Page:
Students at the New Booker School in Wolfville marched in the Apple Blossom children’s parade and recently practiced silence for a good cause. - Wendy Elliott, www.kingscountynews.ca
Imagine a couple of classrooms of kids who are speechless and silent for more than three hours. That’s what the older students at the New Booker School in Wolfville managed for a good cause recently.
Students were studying migration due to war historically and in our era. Teacher Osama Darwish said they took a close look at the civil war in Syria and decided to carry out a sponsored silence.
Tyler Hutchinson said the unit they were studying was about how “migration shapes the way we are.”
Migration plays a role in history
Students looked at the expulsion of the Acadian, visited Grand Pré and took a trip to the site of the former Africville in Halifax and Pier 21, said Alden Mulherin.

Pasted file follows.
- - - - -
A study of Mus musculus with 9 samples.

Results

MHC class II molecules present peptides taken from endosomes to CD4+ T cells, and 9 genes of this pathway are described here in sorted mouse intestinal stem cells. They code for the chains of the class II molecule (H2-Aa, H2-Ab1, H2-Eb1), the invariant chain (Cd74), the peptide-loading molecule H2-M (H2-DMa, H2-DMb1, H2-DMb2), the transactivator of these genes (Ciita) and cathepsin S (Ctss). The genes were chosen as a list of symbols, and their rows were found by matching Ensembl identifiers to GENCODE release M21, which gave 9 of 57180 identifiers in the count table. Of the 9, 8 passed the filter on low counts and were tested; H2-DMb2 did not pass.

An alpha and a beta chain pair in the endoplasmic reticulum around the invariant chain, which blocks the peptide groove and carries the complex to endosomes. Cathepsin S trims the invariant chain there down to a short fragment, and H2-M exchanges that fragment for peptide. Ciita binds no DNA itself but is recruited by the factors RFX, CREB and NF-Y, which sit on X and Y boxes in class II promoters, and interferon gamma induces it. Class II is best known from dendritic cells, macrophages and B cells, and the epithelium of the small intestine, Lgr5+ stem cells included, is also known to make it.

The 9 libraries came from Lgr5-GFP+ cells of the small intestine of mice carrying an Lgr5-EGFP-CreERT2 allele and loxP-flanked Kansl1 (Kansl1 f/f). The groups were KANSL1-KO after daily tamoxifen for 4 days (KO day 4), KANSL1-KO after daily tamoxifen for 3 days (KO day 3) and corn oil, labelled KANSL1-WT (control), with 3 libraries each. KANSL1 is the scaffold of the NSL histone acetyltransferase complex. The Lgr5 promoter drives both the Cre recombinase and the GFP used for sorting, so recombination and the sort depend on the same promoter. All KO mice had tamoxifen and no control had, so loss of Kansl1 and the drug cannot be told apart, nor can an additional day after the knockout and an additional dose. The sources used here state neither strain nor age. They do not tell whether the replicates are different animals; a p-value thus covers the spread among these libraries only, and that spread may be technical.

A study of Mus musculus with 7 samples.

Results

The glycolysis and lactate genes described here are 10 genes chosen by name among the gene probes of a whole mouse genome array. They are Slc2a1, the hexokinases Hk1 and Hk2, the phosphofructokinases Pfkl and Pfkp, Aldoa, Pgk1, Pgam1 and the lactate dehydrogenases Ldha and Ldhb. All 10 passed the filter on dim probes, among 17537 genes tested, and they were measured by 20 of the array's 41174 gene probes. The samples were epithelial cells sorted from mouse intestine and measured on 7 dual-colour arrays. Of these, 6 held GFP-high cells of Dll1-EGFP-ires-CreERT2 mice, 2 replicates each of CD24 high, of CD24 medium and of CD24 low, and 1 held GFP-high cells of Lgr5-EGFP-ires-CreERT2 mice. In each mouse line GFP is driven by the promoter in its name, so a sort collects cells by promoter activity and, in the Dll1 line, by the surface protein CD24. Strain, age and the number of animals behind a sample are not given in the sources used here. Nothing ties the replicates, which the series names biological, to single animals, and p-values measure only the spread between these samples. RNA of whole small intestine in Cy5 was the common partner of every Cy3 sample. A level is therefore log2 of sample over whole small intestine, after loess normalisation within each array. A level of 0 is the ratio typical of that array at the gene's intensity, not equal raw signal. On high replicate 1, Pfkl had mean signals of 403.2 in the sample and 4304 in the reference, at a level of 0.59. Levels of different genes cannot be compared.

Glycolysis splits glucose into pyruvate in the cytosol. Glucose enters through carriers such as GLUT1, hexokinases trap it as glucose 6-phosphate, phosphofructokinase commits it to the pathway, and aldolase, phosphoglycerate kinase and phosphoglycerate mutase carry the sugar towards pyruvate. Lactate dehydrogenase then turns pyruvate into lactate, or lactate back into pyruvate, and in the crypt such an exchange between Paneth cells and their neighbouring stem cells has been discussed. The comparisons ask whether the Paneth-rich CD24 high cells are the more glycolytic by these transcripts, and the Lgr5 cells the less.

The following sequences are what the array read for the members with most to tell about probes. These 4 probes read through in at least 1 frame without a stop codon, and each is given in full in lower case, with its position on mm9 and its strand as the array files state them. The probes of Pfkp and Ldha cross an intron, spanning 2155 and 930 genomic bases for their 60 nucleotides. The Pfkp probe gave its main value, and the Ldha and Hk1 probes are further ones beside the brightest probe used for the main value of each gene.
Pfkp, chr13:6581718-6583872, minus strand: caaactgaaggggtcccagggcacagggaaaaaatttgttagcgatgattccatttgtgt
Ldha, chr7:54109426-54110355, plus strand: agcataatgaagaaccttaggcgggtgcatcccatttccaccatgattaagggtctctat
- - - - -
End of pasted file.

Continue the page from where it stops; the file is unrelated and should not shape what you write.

Aria MacDonald said the oldest students did individual projects and tried to relate to the Underground Railway, Vietnamese boat people or British children who spent the Second World War here. She looked at Hiroshima, which had to be evacuated due to radiation after the atomic bomb.
Cameron Mullen said he is very happy to live in a peaceful land that he and his parents haven’t been forced to leave.
MacDonald said the unit taught her to sit down every day and give thanks for how super lucky her childhood has been.
Hutchinson told the class about his grandparents who escaped bombing and death during the Second World War.
Proud of efforts
Darwish is quite proud of students for their fundraising efforts on behalf of Syrian refugees and for supporting those who currently don’t have a vote.
Before the day of silence, they welcomed a member of a United Nations refugee team to speak to the school about the U.N., his work and the plight of refugees around the world.
The next school day, they held a 3.5-hour event while the students carried out math, English, phys ed and even ate lunch in silence.
In doing so, Darwish said, the students have raised close to $1,000. He says they will most likely donate the funds to UNICEF to help in the education of the over one million children living in refugee camps.